Poignant summer romance a Sweet affair in captivating ‘Girlfriend’ musical
Quirky conceit, endearing characters, captivating actors and clever soundtrack — “Girlfriend” is a winning mix.
Can teenagers today understand what it once meant to make someone a mixtape? The careful selection and sequencing of tracks, maximizing the available space on each side of the cassette, fervently hoping you could convey the right tone and coded message through other people’s music. For those who came of age in the ’80s and ’90s, the act of putting together a mixtape was a labor of love, and sometimes a confession of it.
“Girlfriend,” playwright Todd Almond’s sweet and inventive rock musical now on stage at PrideArts, hinges on the gifting of a mixtape; it’s also, in itself, a narratively enhanced example of the form.
When: Through Sept. 25
Where: PrideArts Center, 4139 N. Broadway
Run time: 1 hour 30 minutes, with no intermission
Almond’s chosen tracks all come from the same artist: Matthew Sweet, the power-pop troubadour who found success on the modern rock charts in the early 1990s. Almond pulls mostly from Sweet’s 1991 breakthrough album, also titled “Girlfriend,” which the singer famously wrote in the midst of a divorce from his first wife.
With titles like “I’ve Been Waiting,” “Reaching Out,” and “I Wanted to Tell You,” Sweet’s songs vibrate with the kind of longing and vulnerability that make them well-suited for communicating with a crush or for musical theater. And three decades ago, they spoke to Almond, then a closeted gay teenager in small-town Alliance, Nebraska, who heard something in the music and lyrics of fellow Nebraskan Sweet that felt like a lifeline.
“Girlfriend,” the musical, is not coincidentally set in Alliance, Nebraska, in 1993. It centers on 18-year-olds Will (Joe Lewis) and Mike (Peter Stielstra), who strike up an unexpected friendship in the summer following their high school graduation.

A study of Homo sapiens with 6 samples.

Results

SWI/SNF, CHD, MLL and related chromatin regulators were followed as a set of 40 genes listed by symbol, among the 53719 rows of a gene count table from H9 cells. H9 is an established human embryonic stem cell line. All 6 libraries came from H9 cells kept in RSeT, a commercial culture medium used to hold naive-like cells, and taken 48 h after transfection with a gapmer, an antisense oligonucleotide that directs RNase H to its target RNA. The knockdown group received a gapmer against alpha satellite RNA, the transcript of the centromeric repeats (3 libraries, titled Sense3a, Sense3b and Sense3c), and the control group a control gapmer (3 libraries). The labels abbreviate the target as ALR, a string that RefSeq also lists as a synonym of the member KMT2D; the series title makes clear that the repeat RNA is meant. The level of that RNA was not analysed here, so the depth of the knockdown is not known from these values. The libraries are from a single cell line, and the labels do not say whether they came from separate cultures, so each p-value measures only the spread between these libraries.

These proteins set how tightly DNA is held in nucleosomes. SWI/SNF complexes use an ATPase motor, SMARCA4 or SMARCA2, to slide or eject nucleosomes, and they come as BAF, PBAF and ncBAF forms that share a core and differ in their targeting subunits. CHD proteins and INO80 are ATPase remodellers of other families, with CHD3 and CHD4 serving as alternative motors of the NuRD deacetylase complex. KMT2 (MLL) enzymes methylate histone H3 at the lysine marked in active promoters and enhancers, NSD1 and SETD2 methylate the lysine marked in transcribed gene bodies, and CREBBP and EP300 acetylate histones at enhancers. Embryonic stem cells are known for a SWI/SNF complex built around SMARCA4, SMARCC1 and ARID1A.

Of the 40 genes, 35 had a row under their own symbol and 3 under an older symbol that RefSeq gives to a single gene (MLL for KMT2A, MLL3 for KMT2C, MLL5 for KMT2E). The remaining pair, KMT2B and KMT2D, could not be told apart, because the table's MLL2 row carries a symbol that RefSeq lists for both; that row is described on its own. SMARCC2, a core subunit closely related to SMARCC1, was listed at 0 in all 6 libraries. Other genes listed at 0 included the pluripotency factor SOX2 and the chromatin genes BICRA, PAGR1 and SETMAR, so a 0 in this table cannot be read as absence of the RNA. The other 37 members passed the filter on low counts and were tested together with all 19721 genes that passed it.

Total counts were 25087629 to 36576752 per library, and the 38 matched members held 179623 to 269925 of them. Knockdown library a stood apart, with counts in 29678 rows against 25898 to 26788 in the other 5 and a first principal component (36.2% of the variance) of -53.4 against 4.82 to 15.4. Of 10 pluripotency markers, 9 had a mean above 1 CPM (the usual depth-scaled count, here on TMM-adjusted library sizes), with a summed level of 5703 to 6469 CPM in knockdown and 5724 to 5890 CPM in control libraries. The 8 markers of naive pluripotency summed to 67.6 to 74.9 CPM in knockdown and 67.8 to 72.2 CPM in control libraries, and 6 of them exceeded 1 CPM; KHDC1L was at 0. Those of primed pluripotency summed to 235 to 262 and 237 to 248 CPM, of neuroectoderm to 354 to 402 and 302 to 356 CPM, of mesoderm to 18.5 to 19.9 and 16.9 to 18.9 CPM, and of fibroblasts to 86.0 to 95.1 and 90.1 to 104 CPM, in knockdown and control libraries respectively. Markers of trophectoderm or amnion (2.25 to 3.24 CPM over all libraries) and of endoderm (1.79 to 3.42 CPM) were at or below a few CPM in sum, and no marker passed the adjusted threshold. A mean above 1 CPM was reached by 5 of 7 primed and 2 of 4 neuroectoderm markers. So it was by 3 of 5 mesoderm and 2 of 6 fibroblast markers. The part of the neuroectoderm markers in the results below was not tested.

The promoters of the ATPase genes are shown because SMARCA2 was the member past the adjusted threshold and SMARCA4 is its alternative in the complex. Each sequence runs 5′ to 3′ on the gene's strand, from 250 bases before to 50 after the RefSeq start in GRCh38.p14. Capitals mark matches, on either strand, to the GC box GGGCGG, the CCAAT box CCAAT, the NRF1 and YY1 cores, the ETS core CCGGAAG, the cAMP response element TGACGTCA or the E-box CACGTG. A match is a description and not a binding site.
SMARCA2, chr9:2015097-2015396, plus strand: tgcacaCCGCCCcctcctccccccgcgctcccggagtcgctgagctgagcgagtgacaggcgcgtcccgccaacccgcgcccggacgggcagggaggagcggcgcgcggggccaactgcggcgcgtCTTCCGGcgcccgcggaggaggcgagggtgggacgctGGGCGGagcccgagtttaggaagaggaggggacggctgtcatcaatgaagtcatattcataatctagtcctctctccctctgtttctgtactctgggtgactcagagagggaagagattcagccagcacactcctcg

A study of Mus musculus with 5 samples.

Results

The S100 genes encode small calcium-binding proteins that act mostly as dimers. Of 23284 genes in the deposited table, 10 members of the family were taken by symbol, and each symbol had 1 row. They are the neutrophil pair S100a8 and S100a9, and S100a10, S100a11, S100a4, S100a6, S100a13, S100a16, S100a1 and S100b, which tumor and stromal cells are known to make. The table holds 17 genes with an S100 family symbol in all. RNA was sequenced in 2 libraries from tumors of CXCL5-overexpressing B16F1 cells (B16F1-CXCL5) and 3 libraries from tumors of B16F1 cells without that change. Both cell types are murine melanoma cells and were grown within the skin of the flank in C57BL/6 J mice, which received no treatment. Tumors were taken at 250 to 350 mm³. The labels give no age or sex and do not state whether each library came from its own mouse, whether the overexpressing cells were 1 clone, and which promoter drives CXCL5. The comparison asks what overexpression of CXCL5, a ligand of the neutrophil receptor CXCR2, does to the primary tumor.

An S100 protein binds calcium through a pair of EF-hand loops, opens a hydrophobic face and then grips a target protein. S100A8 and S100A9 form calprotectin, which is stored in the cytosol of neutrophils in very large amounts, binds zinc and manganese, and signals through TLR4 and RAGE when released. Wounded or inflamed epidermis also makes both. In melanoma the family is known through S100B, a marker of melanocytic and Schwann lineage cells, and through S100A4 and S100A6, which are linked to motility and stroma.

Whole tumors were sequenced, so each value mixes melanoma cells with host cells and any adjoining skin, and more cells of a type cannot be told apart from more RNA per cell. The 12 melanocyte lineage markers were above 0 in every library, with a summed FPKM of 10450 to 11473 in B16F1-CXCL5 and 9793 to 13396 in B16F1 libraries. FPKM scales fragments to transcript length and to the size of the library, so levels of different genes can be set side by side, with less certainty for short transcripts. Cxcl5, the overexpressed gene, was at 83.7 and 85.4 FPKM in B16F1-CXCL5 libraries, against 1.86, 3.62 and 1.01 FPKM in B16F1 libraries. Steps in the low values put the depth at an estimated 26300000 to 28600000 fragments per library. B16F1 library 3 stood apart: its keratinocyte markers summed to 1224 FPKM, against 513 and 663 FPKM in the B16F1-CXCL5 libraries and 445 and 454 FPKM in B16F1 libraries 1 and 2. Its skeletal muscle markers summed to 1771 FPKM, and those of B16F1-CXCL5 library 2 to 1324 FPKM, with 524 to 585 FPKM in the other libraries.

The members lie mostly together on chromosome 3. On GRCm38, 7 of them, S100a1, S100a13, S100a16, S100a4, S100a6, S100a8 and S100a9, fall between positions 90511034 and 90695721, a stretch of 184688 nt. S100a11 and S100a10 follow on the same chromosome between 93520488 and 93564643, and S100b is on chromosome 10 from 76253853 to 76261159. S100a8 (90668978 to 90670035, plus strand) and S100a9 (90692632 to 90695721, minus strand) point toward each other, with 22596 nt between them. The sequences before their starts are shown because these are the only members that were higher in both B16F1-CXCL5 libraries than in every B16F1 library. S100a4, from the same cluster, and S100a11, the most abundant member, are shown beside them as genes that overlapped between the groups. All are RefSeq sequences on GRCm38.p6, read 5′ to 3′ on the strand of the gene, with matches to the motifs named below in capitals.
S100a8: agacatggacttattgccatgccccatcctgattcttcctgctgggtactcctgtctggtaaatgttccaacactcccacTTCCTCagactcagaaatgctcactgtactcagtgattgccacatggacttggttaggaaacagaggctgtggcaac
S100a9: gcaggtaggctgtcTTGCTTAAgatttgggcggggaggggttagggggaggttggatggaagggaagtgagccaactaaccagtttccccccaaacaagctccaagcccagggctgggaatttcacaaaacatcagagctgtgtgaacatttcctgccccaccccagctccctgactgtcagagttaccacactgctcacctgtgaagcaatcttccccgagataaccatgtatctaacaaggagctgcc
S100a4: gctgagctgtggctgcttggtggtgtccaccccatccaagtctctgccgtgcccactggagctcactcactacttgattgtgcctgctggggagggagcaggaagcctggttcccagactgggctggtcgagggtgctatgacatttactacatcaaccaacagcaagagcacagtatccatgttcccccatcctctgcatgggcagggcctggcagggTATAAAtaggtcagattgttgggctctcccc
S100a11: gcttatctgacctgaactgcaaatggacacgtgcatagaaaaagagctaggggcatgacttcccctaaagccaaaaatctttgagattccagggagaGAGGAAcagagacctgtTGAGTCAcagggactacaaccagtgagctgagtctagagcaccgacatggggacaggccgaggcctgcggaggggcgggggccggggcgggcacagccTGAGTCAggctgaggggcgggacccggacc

Will has accepted that he’s gay, and tells himself he’s accepted the ostracism that comes with it. He couldn’t be more thrilled to be done with the social hell of high school, as he tells us in one of his frequent asides to the audience; it may be the middle of June, but he declares it “New Year’s Day.” Yet in his focus on reaching the school finish line, Will doesn’t seem to have given much thought to his plans for the new year.
Mike, whose inner thoughts we do not get to hear, is more of a puzzle — for us and for Will. Mike’s in with the popular crowd, a star baseball player headed to college in the fall on a full-ride scholarship. But in the waning weeks of senior year, Mike approached Will with a cassette tape full of songs he thought the latter boy might like.
Mike professes to have a girlfriend — one who “doesn’t go to our school” and “lives far away.” While it isn’t made explicit, this unseen girlfriend is likely a defensive fiction. Meanwhile, their shared taste in music provides an excuse for Mike to keep asking Will to hang out, and a safe-ish way to test new waters: When they sing along in Mike’s car to the title track’s refrain of “I’d sure love to call you my girlfriend,” how much extra meaning is under the surface?
The pairing of Out Nerd and Closeted Jock is almost its own queer coming-of-age trope at this point, powering stories from Jonathan Harvey’s 1993 play “Beautiful Thing” to this year’s Netflix hit “Heartstopper.”
The casting of Lewis and Stielstra in director Jay Españo’s production subtly subverts expectations, though. Rather than a sensitive hunk who finds something unexpectedly awakened in him, Stielstra’s Mike is just as neurotic as Lewis’ Will. (In his Chicago debut, Stielstra has an ethereal magnetism and a killer falsetto that mark him as one to watch.)
Mike doesn’t have to have his eyes opened to the closed-mindedness of his friends; instead he’s practically pleading for Will to hear the signals he’s sending out, on tape and in real life, and pull him to the safety, and the danger, of being himself. It’s a compelling twist on the formula, and the two actors have the chemistry — and the honey-sweet harmonies — to pull it off.
Españo’s production has some practical drawbacks. Sight lines are a particular problem, which seems like something that should be avoidable at a storefront scale, and he and scenic designer Isabella Noe could work to make scene transitions smoother. And the onstage band, led by music director Robert Ollis, doesn’t quite exude rock-star vibes.
But looking at the track list as a whole — quirky conceit, endearing characters, captivating actors and clever soundtrack — “Girlfriend” is a winning mix.